The exhibit “From These Shores” is now online with the Juffureh Slavery Museum having an in-person.
The exhibit opened Sunday, March 5 at the museum in Juffureh, North Bank Region celebrates the accomplishments of known and lesser-known Africans in the diaspora across time and geography.
The depictions are equally as diverse. The images include photographs and paintings created just for the exhibit.
From black and white photos to colorful acrylics and air brush portraits, the images also reflect the diversity of the various artists.
The celebrated range from modern day Moderna vaccine co-developer Dr. Kizzmekia Corbett of the United States to liberator Benkos Biohó of 16th century Colombia. The artists range from photographer Lawrence E Kerr of Toronto to airbrush artist Chris Meiselman, who was born in the Philippines and is currently incarcerated in the United States.
The Port of Harlem Gambian Education Partnership (POHGEP) created and donated the exhibit with the funds bequeathed by POHGEP board member Kevin Turner, Esquire. Port Of Harlem magazine, an inclusive, diverse, panAfrican magazine’s is POHGEP’s chief business sponsor.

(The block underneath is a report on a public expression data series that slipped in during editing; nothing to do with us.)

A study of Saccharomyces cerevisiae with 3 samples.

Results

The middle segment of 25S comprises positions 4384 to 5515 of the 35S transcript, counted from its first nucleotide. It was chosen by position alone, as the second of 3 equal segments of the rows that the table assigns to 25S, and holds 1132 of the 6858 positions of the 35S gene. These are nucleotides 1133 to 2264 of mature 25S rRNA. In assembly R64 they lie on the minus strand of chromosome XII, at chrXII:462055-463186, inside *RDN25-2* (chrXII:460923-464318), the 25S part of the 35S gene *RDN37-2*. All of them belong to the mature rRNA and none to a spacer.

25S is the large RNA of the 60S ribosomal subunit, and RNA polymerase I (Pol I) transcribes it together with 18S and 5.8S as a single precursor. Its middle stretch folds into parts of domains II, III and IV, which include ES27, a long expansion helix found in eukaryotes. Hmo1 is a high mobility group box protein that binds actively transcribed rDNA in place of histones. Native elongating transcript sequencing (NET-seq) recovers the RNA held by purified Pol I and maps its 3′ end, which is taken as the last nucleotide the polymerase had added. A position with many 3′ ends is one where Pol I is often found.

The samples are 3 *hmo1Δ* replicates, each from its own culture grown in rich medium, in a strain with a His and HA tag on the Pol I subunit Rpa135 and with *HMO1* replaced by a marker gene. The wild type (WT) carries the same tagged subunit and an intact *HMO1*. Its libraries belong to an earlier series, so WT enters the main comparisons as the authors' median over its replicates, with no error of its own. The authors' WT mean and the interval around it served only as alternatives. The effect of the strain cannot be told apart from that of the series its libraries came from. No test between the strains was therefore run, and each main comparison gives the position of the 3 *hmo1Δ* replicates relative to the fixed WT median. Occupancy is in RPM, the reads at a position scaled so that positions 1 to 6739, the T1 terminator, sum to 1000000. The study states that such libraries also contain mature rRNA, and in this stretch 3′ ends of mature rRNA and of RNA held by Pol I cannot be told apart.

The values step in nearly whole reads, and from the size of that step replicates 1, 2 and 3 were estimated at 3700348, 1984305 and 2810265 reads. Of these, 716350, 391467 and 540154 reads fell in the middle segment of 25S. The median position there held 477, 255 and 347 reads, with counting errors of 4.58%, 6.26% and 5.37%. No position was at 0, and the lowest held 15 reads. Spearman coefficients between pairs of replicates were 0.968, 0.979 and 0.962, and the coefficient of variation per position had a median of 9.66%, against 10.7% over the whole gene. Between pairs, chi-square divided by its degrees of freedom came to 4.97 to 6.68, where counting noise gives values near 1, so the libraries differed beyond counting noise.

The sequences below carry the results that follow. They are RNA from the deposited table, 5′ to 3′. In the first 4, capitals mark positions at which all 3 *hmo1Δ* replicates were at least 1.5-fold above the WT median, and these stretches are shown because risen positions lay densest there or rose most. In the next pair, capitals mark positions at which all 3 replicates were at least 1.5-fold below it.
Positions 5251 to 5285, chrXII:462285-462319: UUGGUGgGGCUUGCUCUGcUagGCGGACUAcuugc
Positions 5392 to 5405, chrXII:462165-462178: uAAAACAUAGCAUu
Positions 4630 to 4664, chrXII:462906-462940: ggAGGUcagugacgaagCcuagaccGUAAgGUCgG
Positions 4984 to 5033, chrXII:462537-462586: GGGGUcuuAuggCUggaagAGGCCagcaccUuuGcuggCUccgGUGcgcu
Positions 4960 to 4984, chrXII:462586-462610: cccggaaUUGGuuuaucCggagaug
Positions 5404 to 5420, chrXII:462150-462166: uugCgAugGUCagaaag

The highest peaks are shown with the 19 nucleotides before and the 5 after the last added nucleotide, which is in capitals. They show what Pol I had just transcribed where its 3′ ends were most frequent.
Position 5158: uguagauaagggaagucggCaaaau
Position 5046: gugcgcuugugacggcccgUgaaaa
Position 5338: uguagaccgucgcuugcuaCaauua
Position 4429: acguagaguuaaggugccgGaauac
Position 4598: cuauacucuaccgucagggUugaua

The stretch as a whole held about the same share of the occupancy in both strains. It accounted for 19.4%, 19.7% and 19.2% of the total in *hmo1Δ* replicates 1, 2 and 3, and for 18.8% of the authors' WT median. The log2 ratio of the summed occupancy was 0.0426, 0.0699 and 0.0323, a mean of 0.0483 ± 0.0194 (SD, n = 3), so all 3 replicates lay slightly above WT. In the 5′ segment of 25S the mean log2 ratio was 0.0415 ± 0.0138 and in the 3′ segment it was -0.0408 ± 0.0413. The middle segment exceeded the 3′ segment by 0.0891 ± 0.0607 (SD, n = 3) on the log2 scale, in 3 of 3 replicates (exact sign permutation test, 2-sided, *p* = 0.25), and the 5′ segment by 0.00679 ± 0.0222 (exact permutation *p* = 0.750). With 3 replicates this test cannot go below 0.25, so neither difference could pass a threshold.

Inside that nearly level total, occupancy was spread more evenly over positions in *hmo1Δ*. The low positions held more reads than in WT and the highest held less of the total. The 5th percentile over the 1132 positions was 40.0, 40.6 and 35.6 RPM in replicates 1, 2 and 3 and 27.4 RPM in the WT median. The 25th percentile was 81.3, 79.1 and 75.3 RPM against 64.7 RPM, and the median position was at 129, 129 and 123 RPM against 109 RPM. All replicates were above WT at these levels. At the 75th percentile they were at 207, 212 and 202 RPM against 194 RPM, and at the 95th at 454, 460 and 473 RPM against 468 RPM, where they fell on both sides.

“The panels will valorise the museum. It adds a logical optimistic twist to the horrendous event that the Trans-Atlantic slave trade was,” says Hassoum Ceesay, director general, National Centre for Arts and Culture.
POHGEP president Wayne Young said: “Tourism is a major source of revenue for The Gambia and we are ecstatic to lend another hand toward working with Ceesay by creating another educational and cultural enhancement to the Juffureh Museum.”
POHGEP earlier donated the permanent exhibit, “West Africans in Early America,” which features Senegambian Americans such as Phyliss Wheatly and Ayuba Suleiman Diallo.
Timbooktoo bookshop in Bakau, as well Mansa Kunda restaurant in Takoma Park, Maryland USA will also display one of the twelve panels.
“The panel will help enhance the authentic Gambian experience our atmosphere provides our diners,” says Hatib Joof, owner of Mansa Musa.
The name of the American restaurant Mansa Kunda translates into House of the King in Mandinka, one of the eight principal languages spoken in The Gambia, on Africa’s Smiling Coast. The exhibit celebrates the nation’s language diversity by naming the exhibit in all eight languages. In Mandinka it’s called “Kabo Nying Fankas” and on one panel the exhibit’s name is written in the N’Ko script, which is used to write in the Manding languages of which Mandinka is one of them.